During embryogenesis, a small organ named Subcommisural Organ (SCO), located in the dorsal roof of the brain, differentiates and secrets a protein, the SCO-spondin, with potent activity on the neurogenesis.
All mammalians and several other species carry this organ from embryogenesis to the adult life, in contrary to humans where it regresses after birth and become vestigial in adults. In batracian, with for example salamander, SCO-spondin is still present at adult stage, conferring to the animal the capacity to regrow nerves after injury.
The interaction between glia and neurons is essential in development, function and repair of the central nervous system (CNS). Signaling of glia is critical for axonal guidance and synaptogenesis at early developmental stages, where glial cells play a prominent role in the pathology of neurodegenerative diseases such as Alzheimer and Parkinson diseases, dysmyelinating diseases, etc. The name “glia” encompasses a broad variety of cells including the secretory ependymal cells of the subcommissural organ (SCO).
Unlike lower vertebrates, human beings are unable to regenerate damaged or destroyed nervous cells.
Among the therapeutic approaches aiming to repair or to interfere with the progression of a disease, a particular attention was focused on the constituents of the extracellular matrix at the injury or degenerative site as well as compounds and proteins expressed during developmental processes which allow correct constitution of complex structures like the brain structure and the spinal cord.
In this context, SCO-spondin, a protein secreted early during the embryonic life by the specialized ependymocytes, is a promising candidate. In addition, this protein as well as its derived peptides, named NX peptides, have shown to have combined biological activities on nervous cells and in in vivo models of CNS disorders by promoting neuroprotection and neuroregeneration.
Our drug candidates, NX210 and analogs, meet criteria being highly desirable features for CNS damage treatment
- Our products are small peptides derived from the most conserved sequence of the thrombospondin repeat (TSRs) of the SCO-spondin, a naturally secreted protein with potent activity during neurogenesis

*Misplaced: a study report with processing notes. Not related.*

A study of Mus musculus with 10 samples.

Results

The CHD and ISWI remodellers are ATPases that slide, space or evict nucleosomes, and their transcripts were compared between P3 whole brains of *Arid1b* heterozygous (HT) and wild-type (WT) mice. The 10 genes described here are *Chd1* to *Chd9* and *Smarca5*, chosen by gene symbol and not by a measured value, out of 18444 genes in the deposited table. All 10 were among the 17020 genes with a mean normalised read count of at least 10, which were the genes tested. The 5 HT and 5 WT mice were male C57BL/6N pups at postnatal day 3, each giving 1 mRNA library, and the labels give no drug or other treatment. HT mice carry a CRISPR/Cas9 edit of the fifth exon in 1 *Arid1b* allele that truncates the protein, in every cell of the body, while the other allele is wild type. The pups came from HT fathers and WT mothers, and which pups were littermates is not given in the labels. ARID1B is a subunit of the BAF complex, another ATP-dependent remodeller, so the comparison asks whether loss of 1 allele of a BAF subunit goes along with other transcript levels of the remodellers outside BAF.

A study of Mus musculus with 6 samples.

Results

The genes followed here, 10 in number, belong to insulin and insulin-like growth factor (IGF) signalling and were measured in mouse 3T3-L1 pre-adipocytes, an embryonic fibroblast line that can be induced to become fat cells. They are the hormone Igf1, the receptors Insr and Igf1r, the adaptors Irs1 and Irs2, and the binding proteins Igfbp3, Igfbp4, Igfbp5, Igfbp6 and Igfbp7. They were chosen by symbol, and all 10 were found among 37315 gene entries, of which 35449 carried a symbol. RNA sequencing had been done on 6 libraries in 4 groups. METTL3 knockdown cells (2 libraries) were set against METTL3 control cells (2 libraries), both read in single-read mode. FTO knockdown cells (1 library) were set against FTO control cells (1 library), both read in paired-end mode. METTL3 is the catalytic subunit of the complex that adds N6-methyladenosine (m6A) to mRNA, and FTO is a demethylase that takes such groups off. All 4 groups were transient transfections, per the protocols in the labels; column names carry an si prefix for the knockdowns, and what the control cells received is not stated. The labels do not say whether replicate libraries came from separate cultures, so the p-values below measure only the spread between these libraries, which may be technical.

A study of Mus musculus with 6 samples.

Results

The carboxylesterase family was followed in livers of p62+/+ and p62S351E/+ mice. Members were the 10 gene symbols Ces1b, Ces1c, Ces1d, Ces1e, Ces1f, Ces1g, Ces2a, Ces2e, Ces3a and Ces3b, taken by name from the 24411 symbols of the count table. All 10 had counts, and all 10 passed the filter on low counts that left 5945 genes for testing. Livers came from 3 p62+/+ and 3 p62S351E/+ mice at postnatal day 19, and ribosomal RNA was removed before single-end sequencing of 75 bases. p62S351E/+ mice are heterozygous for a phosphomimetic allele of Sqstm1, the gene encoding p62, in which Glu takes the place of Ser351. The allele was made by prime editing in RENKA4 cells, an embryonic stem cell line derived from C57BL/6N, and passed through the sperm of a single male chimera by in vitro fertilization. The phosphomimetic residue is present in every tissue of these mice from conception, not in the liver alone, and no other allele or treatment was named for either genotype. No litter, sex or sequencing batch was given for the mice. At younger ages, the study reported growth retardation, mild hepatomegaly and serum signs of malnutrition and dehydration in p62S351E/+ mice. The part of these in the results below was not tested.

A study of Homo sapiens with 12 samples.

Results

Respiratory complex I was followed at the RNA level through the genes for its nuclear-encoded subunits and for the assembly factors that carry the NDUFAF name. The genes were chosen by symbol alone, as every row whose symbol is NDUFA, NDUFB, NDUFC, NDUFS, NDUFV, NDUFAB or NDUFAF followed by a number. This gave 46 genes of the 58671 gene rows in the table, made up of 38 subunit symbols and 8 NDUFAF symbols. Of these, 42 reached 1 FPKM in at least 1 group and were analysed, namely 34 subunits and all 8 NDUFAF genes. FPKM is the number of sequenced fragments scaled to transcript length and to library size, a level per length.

- TSRs are active domains involved in various context-dependent pathways and contributing in angiogenesis and axon guidance
Our drug candidates have multifunctional activities on neural cells, encompassing:
Able to induce cell extension, neurite outgrowth and fasciculation
Our data demonstrates that NX210 is able to promote neurite fasciculation and axonogenesis in a dose-dependent manner [1; 2] as well as to protect neurons against insults .
In vivo in rodents NX210 has been shown to promote nerve fiber regrowth and the recovery of sensorimotor functions and in counteracting behavioral deficits in case of spinal cord injury (SCI) .
NX210 is a patented peptide deduced from the thrombospondin repeat domains (TSRs) of the SCO-spondin. This is a first-in class multi-functional agent able to prevents neural cell death and to promote neurite outgrowth. NX210 has been granted Orphan Drug Designation by European Medicine Agency (EMA) for the treatment of spinal cord injury. A Phase I Tolerance clinical trial is planned in patients with Spinal Cord Injury.
In vivo regrowth of nerve fibers through the lesion site
60% of NX210 treated rats recover weight support and fore-hindlimb coordination (BBB >14)
Percentage of rats with a BBB score > 14 along the delay post NX210 treatment
BBB (Basso, Beattie and Bresnahan) Scoring is the reference method used to assess the motor function of rats. BBB over 14 means the return of toe clearance during stepping, predominant paw position, trunk stability, and tail position.